Unions and children’s charities yesterday condemned Work and Pensions Secretary Duncan Smith’s offer to raid the Welfare Budget by another £3 billion a year to hand the money over to the Armed Forces and Police.
They also hit out at Chancellor Osborne’s announcement that he is planning another £11.5bn of cuts and that he has already reached agreement with seven government departments to achieve them.
Smith made his offer personally to the Defence and Home Secretaries after they raised concerns about the impact on ‘national security’ of further spending cuts.
Smith said he would fund his offer by restricting housing benefits for the under-25s and put a cap on welfare payments to families with more than two children.
RMT General Secretary Bob Crow slammed the move, telling News Line: ‘It doesn’t suprise me from a government that is determined to smash the Welfare State.
‘What we want is properly funded social services and properly funded police and emergency services.’
Tim Nichols, a spokesman for the Child Poverty Action Group told News Line: ‘Families are already facing such deep cuts to basic support that the Institute for Fiscal Studies is warning of a major surge in child poverty.
‘This includes freezes to child benefits and elements of tax credits, as well as a cap to keep increases to tax credits and benefits behind rising prices families face for the next few years.
‘We cannot put the nation’s children at further risk and their wellbeing must be a high priority.’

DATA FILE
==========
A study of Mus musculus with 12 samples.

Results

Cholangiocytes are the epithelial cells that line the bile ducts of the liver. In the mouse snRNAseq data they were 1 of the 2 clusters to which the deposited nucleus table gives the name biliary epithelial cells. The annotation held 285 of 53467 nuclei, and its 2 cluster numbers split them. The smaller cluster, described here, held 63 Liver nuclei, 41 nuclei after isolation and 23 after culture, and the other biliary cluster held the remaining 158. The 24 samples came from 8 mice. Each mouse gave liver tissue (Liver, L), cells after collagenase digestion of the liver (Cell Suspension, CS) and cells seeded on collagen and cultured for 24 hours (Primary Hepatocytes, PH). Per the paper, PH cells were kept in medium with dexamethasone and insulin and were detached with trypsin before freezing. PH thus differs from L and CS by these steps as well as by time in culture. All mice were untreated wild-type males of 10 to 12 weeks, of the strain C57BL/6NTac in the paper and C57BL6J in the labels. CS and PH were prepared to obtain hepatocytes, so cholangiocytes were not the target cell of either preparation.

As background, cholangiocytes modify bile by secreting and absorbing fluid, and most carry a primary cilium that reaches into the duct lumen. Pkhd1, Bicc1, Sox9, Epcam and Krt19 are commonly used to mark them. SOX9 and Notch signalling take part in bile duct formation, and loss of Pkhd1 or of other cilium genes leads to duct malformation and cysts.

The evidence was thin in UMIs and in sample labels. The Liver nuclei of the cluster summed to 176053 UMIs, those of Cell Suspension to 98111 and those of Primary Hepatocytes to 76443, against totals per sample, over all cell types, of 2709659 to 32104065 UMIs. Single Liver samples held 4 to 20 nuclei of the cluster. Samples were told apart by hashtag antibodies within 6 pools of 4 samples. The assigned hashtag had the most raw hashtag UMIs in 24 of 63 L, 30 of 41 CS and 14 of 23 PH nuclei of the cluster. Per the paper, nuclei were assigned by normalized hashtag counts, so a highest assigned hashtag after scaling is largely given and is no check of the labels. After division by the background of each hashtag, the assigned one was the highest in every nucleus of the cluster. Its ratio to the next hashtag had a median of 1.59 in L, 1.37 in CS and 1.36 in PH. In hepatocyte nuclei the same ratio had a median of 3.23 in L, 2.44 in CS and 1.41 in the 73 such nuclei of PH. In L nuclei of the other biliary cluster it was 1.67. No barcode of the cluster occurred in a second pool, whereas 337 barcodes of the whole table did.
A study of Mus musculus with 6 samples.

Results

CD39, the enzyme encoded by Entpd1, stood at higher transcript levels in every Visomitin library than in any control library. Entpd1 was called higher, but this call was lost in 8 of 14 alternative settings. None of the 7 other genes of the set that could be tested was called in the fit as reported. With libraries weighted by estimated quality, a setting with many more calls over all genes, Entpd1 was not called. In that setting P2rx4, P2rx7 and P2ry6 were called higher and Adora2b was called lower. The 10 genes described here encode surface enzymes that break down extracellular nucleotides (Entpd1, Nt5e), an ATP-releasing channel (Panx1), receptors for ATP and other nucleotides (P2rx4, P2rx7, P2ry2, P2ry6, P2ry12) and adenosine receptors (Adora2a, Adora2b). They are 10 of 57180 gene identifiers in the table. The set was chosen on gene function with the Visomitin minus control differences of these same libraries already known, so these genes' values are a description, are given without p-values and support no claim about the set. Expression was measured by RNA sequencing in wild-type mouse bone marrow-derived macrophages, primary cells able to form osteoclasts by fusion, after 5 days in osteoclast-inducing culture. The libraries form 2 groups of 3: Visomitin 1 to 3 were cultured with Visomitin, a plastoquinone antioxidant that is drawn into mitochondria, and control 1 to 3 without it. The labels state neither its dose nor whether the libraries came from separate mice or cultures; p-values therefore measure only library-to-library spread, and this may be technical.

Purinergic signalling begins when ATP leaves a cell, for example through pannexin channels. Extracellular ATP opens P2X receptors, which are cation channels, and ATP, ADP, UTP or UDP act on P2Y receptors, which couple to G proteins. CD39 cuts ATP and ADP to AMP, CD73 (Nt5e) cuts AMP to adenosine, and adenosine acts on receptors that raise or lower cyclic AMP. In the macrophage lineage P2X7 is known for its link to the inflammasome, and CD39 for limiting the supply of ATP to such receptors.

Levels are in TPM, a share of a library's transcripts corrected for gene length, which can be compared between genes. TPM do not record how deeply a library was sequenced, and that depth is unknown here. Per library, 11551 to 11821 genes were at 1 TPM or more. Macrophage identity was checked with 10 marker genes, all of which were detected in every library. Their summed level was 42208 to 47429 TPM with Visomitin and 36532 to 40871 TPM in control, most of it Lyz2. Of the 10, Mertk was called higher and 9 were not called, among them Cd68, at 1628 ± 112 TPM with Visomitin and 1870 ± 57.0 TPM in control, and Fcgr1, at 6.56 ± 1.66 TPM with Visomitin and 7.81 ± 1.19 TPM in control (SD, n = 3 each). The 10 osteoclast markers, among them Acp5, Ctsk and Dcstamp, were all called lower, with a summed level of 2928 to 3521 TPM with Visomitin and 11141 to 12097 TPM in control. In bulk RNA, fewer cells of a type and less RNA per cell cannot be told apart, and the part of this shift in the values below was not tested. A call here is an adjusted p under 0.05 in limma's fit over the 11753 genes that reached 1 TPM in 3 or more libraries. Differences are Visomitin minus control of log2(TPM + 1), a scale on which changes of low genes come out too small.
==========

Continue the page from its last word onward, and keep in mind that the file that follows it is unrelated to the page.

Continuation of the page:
Dave Prentis, General Secretary of Unison, said: ‘This latest round of government public spending cuts again targets the most vulnerable in our society.
‘It is sickening to see the spectacle of government ministers offering up services to be cut, with no concern for the consequences.
‘There is an alternative to this cruel catalogue of cuts.
‘We need a programme that creates jobs, growth and prosperity to give hope to people and particularly to our young struggling to find work.’
Public and Commercial Services Union general secretary Mark Serwotka said: ‘This government’s brutal assault on our Welfare State and people who are entitled to benefits is an absolute scandal and should face the widest possible opposition from trade unions and the public.’
The departments which are said to have agreed to cuts of between 8% and 10% are: Ministry of Justice, the Department for Communities and Local Government, the Department for Energy and Climate Change, HM Treasury, the Cabinet Office, the Foreign Office and the Northern Ireland Office.